Avebury Stone Circle



Avebury Henge originally consisted of an outer circle of 98 standing stones of up to 6m in length, many weighing 20 tonnes. The stones were surrounded by another circle delineated by a 5m-high earth bank and ditch up to 9m deep. Inside were smaller stone circles to the north (27 stones) and south (29 stones).

In the Middle Ages, when Britain's pagan past was an embarrassment to the church, many of the stones were buried, removed or broken up. In 1934, wealthy businessman and archaeologist Alexander Keiller supervised the re-erection of the stones, he later bought the site for posterity using funds from his family's marmalade fortune.

Modern roads into Avebury neatly dissect the circle into four sectors. Starting at High St, near the Henge Shop , and walking round the circle in an anticlockwise direction, you'll encounter 11 standing stones in the southwest sector . They include the Barber Surgeon Stone , named after the skeleton of a man found under it – the equipment buried with him suggests he was a barber-cum-surgeon.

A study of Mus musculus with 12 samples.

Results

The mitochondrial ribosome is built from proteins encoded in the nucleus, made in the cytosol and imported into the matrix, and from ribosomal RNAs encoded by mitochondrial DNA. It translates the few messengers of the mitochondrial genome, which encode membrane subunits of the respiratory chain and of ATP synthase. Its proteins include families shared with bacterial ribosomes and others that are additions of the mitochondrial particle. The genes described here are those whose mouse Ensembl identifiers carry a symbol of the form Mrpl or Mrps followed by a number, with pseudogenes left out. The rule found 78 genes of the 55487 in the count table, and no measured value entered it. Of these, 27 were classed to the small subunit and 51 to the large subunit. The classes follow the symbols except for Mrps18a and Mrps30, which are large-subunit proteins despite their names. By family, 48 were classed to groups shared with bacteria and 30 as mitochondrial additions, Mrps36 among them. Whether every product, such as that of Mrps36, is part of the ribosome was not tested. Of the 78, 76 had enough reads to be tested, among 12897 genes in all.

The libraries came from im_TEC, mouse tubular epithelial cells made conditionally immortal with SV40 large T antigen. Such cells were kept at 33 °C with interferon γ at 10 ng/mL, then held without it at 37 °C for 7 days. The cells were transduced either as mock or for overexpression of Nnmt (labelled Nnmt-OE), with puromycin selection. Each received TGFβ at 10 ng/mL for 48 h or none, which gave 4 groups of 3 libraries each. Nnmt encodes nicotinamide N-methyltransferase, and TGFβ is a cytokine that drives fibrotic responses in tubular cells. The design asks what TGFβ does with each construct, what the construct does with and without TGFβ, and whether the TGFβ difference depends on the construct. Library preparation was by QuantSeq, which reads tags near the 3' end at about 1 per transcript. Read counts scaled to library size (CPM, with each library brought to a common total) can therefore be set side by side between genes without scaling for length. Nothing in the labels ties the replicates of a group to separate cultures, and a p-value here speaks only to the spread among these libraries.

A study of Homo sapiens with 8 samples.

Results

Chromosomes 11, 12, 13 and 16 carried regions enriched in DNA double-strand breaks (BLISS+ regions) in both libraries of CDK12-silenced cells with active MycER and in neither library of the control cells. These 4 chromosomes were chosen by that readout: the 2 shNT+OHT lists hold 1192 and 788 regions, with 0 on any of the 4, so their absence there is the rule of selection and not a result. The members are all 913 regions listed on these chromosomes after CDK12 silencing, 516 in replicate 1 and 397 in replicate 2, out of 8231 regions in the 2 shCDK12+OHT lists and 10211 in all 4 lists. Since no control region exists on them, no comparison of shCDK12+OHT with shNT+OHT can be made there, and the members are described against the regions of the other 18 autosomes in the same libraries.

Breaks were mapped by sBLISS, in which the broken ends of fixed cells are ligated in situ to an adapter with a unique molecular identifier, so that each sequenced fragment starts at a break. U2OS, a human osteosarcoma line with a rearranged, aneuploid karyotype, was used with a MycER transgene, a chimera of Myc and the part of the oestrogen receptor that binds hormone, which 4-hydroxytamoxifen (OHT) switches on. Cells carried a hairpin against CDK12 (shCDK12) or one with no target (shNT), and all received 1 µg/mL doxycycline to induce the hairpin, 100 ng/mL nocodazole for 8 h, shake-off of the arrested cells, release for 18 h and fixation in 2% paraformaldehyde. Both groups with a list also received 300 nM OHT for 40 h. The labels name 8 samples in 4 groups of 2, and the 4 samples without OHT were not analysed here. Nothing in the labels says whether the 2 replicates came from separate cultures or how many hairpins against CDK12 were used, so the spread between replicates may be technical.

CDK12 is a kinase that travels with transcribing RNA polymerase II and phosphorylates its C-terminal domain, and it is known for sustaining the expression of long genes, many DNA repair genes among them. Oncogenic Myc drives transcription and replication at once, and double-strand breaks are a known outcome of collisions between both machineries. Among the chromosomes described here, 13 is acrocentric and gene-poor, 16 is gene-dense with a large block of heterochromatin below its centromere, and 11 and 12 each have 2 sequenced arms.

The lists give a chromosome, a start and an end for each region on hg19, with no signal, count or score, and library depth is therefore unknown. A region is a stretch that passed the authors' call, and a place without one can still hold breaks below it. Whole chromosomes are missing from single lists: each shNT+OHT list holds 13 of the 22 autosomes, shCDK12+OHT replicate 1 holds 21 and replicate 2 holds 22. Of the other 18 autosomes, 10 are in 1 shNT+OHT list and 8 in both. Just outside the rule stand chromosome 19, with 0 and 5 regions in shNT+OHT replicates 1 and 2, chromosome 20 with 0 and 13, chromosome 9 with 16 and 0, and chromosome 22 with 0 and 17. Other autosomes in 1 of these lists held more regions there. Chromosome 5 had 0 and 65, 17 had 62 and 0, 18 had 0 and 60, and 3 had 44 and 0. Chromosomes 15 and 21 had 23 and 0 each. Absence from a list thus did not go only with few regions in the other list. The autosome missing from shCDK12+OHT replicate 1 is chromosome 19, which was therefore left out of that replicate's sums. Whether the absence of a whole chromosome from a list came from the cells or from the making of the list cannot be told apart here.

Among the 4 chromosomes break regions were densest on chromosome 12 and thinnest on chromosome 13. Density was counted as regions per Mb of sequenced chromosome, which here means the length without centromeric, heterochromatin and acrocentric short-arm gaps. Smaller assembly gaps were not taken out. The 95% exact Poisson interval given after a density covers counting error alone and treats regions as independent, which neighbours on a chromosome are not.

The southeast sector starts with the huge portal stones marking the entry to the circle from West Kennet Avenue . The southern inner circle stood in this sector and within this ring was the obelisk and a group of stones known as the Z Feature . Just outside this smaller circle, only the base of the Ring Stone survives.

In the northern inner circle in the northeast sector , three sarsens remain of what would have been a rectangular cove . The northwest sector has the most complete collection of standing stones, including the massive 65-tonne Swindon Stone , one of the few never to have been toppled.